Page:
Accomplishing Retirement: a Dilemma

The adjustment to retirement is very interesting (51 days in so far). While there is much to recommend it, I am confronted with feelings of guilt for not being productive in service to goals and obligations outside myself.

I spent the last week making and hanging new curtains for my front bay window.DSC00478

I went to lectures on the Milky Way and the La Brea Tar Pits at the Natural History Museum, attended an astounding concert by Benjamin Bagby singing/reciting Beowulf in Old English, put on by Apollo’s Fire, and saw a movie in the middle of the day (Bridge of Spies – worth seeing). I finished a novel by Sarah Braunstein (The Sweet Relief of Missing Children) and started another by Irish writer Dermot Healy (A Goat’s Song).  I mulched and trimmed the garden for winter, made giant pots of soup and stew for the coming cold weeks, bought and assembled a new, cushy office chair and a desk to replace the decrepit one I’ve been carting around for 15 years. DSC00483 I went to the gym twice and tried and failed to write a poem to fulfill an assignment from my writing group. Among other things.

And it feels like I haven’t accomplished anything. I’ve done stuff, but what have I accomplished?  What, beyond things that made me happy, that satisfied my personal needs, have I accomplished

I was having lunch with a friend, also retired, and musing on this matter, and we thought that those of us who have spent their working years in service to a cause they were passionate about, may be similarly plagued with this odd kind of selfish guilt upon retirement. We wondered if folks who had made their living from work that had no deep personal meaning felt differently when they retired—could go play golf all day, travel, etc., and feel they deserved to have all their time for themselves.

That’s probably a simplistic and maybe rather arrogant musing. People volunteer all the time for things they care about.  They get involved in their church, do all kinds of things that go beyond self-indulgence.  Truth be told, I will too, I am sure.  But what?  Maybe that’s what’s bothering me. I don’t have a plan; not working toward a goal.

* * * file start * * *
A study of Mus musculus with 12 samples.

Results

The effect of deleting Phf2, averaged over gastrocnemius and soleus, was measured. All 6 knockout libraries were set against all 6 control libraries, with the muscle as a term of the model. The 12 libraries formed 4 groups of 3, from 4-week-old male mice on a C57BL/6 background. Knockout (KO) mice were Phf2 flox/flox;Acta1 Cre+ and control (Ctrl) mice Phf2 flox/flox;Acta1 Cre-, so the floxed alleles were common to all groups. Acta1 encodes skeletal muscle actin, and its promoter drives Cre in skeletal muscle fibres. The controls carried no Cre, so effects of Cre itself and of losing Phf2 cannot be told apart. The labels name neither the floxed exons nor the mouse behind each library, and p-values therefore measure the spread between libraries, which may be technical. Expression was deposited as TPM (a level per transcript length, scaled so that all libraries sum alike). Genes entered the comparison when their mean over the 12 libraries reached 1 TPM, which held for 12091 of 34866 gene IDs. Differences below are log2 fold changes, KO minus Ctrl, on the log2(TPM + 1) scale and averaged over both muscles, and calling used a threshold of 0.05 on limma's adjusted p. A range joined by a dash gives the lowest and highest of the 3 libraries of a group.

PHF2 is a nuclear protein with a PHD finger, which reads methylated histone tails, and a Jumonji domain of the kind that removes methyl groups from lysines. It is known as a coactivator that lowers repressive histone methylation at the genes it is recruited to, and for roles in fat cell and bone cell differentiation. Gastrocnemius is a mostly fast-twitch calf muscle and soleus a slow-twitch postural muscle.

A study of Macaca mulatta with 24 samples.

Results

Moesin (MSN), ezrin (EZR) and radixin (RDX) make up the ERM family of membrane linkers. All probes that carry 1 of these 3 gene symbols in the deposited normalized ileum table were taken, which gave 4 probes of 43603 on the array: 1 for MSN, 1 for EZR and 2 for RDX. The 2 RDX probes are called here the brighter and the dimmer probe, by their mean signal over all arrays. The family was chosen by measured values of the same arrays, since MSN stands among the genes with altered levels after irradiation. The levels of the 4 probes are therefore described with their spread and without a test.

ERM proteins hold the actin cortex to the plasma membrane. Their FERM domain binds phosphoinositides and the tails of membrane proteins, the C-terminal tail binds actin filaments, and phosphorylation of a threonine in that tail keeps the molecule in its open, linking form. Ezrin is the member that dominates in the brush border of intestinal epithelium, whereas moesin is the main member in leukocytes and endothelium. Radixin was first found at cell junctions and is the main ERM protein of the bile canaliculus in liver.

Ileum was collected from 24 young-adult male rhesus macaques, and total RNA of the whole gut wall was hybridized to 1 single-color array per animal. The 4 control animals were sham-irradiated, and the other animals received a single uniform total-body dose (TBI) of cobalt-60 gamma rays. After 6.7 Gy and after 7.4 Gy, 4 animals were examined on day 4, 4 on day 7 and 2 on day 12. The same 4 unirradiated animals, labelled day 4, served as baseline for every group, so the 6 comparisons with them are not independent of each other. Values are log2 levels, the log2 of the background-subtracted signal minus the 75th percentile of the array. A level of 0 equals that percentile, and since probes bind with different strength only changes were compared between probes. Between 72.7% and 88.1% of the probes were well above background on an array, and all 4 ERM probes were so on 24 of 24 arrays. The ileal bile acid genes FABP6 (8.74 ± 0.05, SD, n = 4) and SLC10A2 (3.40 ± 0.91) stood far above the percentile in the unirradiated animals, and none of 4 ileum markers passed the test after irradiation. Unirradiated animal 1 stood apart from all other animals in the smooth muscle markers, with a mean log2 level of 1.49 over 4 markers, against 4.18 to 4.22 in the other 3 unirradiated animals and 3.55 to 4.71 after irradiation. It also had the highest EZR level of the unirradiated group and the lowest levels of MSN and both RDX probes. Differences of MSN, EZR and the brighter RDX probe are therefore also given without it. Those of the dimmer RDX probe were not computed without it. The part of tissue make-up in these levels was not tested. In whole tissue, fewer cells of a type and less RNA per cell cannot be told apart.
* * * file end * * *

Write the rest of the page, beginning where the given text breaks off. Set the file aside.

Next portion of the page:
Our society and our economy are rooted in the Puritan concept of the productivity of the individual.  We work harder and longer than people in any other culture. At the same time, we are a consumer society, one that constantly flirts with hedonism as a defining value.  It’s sort of a vicious cycle: produce stuff so you can be happy consuming stuff.  Service is not a valued part of the economic equation.  Yet service satisfies at a deeper level than consumption, doesn’t it?  But its rewards are not necessarily monetary and so are less valued in our capitalistic culture.  Perhaps that’s why the on-profit sector too often finds it so hard to make its case for what it contributes/produces.

I get Social Security payments now, each month.  On the one hand, I know the payments I made into that system over the 57 years that worked (I had a paper route as a youngster) have earned that money.  But it still feels a little like pay for no work.

Well, as I said, I’m only a month and a half into my retirement.  Perhaps I’ll take it a little easy on myself. I have always been able to find and follow my passions.  The problem is, I have a lot of passions.  The dilemma is choosong what to throw myself into now.

I promised myself—and have told anyone who asked me “what’s next”—that I did not intend to think about that question until after the first of the year.  Perhaps that’s the best goal I might try to accomplish right now.